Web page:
ICT

Artist Crystal Worl stood atop a lift some 40 feet in the air in downtown Anchorage last week to observe the horizon, a yellow sun in a blue sky. Paint cans in hand, the artist was meticulously searching for spots of the sun in need of more color and dimension.

She and her helper John Osgood, who is with Seattle Mural Art, wielded spray cans, spray guns, and brushes to paint the exterior wall of a building next to City Hall.

They were adding details to the scene. A pink rim on the mountains is for the sunrise or sunset of the midnight sun, said the artist. At the left are stylized figures, one holding a fish, the other a berry-picking basket.

“The theme of the mural is acknowledging Dena’ina (Athabascan) territory and Alaska Native Indigenous peoples as we are living today,” Worl, who is Tlingit, Athabascan, Inupiaq and Filipino, said.


As Alaska Pacific University student Laura Ditto reports, one of the goals of the mural is to make downtown more inclusive and amplify Indigenous identities. Worl said her mural is part of the Alaska Mural Project and presented through a partnership between the Anchorage Museum, Anchorage Downtown Partnership, Alaska Pacific University, Roadmap for a Vital and Safe Anchorage, building owners Barbara and Larry Cash, and SALT, LLC. Worl is one of a half-dozen artists painting murals throughout the city.

She said her mural is the result of a lot of research to include artistic influences from communities throughout the state, including its various tribes.

“I’m using a color palette that's very modern; it's very vibrant and bright. That's on purpose,” Worl said. “That goes to make a statement that we are modern people living in the modern world, using modern technologies like this lift, like the paint I'm using, like the color palette I'm using. But also finding a way to collab subsistence and traditional lifestyles that are now in the modern day. We're here now, living and existing and thriving here together in Anchorage in this day now.”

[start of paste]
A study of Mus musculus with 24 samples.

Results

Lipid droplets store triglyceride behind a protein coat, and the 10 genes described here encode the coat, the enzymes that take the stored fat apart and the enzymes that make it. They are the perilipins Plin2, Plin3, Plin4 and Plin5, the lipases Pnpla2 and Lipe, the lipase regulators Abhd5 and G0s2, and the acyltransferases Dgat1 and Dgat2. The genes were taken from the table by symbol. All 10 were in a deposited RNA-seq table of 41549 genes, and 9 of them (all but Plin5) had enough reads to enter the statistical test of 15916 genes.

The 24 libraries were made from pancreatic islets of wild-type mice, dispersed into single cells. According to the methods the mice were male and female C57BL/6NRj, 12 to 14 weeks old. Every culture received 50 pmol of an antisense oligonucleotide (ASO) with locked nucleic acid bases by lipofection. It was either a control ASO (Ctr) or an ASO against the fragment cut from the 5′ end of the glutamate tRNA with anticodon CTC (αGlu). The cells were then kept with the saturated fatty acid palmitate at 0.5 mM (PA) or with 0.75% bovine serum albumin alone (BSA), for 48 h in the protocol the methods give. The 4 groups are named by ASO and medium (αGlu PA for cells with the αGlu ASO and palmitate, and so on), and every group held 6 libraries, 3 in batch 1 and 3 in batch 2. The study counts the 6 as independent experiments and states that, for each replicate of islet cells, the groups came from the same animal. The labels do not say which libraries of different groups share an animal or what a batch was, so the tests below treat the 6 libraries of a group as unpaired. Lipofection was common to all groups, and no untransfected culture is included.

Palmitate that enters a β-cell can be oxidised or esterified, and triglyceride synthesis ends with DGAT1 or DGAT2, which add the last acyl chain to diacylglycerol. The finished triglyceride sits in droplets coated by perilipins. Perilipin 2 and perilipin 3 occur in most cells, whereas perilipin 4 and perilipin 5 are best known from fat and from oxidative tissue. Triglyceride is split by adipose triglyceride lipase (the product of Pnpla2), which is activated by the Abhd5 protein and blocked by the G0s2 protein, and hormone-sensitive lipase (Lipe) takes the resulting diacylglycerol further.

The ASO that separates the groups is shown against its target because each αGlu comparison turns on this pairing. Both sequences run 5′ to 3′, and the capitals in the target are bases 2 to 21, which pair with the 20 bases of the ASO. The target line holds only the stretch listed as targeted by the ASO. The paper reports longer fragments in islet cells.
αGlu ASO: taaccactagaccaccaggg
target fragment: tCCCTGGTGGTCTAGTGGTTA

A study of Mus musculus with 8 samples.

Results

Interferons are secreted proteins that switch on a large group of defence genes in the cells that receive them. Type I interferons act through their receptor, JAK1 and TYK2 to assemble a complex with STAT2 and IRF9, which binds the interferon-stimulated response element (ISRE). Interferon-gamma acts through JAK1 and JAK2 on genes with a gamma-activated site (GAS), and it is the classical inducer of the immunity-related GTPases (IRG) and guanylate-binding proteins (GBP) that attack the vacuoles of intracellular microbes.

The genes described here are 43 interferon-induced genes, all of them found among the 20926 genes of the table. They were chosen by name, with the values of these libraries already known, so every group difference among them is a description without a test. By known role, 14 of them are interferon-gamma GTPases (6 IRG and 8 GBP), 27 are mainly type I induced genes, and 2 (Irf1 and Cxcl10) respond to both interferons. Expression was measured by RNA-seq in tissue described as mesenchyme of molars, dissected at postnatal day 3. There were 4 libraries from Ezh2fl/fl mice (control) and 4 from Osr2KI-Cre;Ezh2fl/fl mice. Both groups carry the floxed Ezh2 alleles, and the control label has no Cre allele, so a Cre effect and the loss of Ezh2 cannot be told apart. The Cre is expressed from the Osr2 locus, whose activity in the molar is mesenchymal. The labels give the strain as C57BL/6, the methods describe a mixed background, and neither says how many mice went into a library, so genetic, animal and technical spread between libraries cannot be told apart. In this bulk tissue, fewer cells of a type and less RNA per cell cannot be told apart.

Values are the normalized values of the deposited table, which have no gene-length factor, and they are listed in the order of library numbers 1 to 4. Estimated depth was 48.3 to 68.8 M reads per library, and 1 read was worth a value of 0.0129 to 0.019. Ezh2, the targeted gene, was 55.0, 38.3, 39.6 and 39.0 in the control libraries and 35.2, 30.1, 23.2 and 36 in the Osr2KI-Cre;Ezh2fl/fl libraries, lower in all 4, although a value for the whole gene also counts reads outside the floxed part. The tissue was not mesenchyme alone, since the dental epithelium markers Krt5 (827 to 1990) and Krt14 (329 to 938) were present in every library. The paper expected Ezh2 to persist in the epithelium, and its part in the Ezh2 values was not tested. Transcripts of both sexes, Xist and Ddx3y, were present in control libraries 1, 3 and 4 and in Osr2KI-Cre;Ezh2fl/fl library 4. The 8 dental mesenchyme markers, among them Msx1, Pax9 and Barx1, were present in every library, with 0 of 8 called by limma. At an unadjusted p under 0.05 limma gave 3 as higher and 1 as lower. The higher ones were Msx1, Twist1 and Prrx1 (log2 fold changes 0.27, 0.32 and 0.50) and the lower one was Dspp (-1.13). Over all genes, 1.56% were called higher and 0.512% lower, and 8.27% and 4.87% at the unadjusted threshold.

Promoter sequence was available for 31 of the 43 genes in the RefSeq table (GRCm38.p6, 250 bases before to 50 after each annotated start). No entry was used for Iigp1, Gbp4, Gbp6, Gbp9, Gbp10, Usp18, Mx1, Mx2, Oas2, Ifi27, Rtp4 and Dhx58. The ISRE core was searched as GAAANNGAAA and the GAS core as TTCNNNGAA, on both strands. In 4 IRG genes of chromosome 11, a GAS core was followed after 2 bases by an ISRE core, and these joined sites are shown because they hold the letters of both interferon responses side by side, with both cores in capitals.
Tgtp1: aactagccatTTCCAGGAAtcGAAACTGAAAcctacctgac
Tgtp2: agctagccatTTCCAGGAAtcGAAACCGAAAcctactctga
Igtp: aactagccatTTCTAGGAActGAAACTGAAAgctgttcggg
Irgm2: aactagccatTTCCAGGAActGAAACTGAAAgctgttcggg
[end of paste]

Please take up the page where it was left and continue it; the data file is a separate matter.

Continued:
Worl said she also plans to include a water mark of an Athabascan beadwork pattern over the piece. This will feature some formline components, which are more specific to the Southeast Alaska area, she said.

“And then we have the Inua,” Worl said. “If you look at all the different animals and beings that are depicted on this mural, there's a circle inside a lot of them. In Inupiaq we call that the Inua, which is the inner spirit, the inner being, which also overlaps with various different cultures in Alaska.”

She said the mural reflects the value of subsistence to Indigenous Alaskans and the ties all Alaskans have in gathering food from nature.

“The one thing I really thought was a really strong connection in commonality between all people, Indigenous Alaskans and non-Indigenous Alaskans, was subsistence fishing, berry picking. It seemed to overlap with all Alaskans and be a really strong thing in all the different cultures within Alaska.”

Updated photo of the nearly completed mural. Aug. 21, 2022 (Photo by Sam Medsker, courtesy of Crystal Worl)


“This has been a really challenging project, but also very exciting,”she said.

“I'd say the majority of people have been really excited and supportive of this and have been very encouraging. So I feel very proud to be here and have this design. And I hope it makes people feel good. I hope it makes people feel proud.”

Worl is based in Juneau, in southeast Alaska, where she recently completed a mural honoring Elizabeth Peratrovich, a Tlingit civil rights leader of the 1940s and 50s. She and her brother Rico Worl have formed The Trickster Company, which features formline-decorated masks and canoe paddles, as well as contemporary items such as skateboards, basketballs, and hoodies.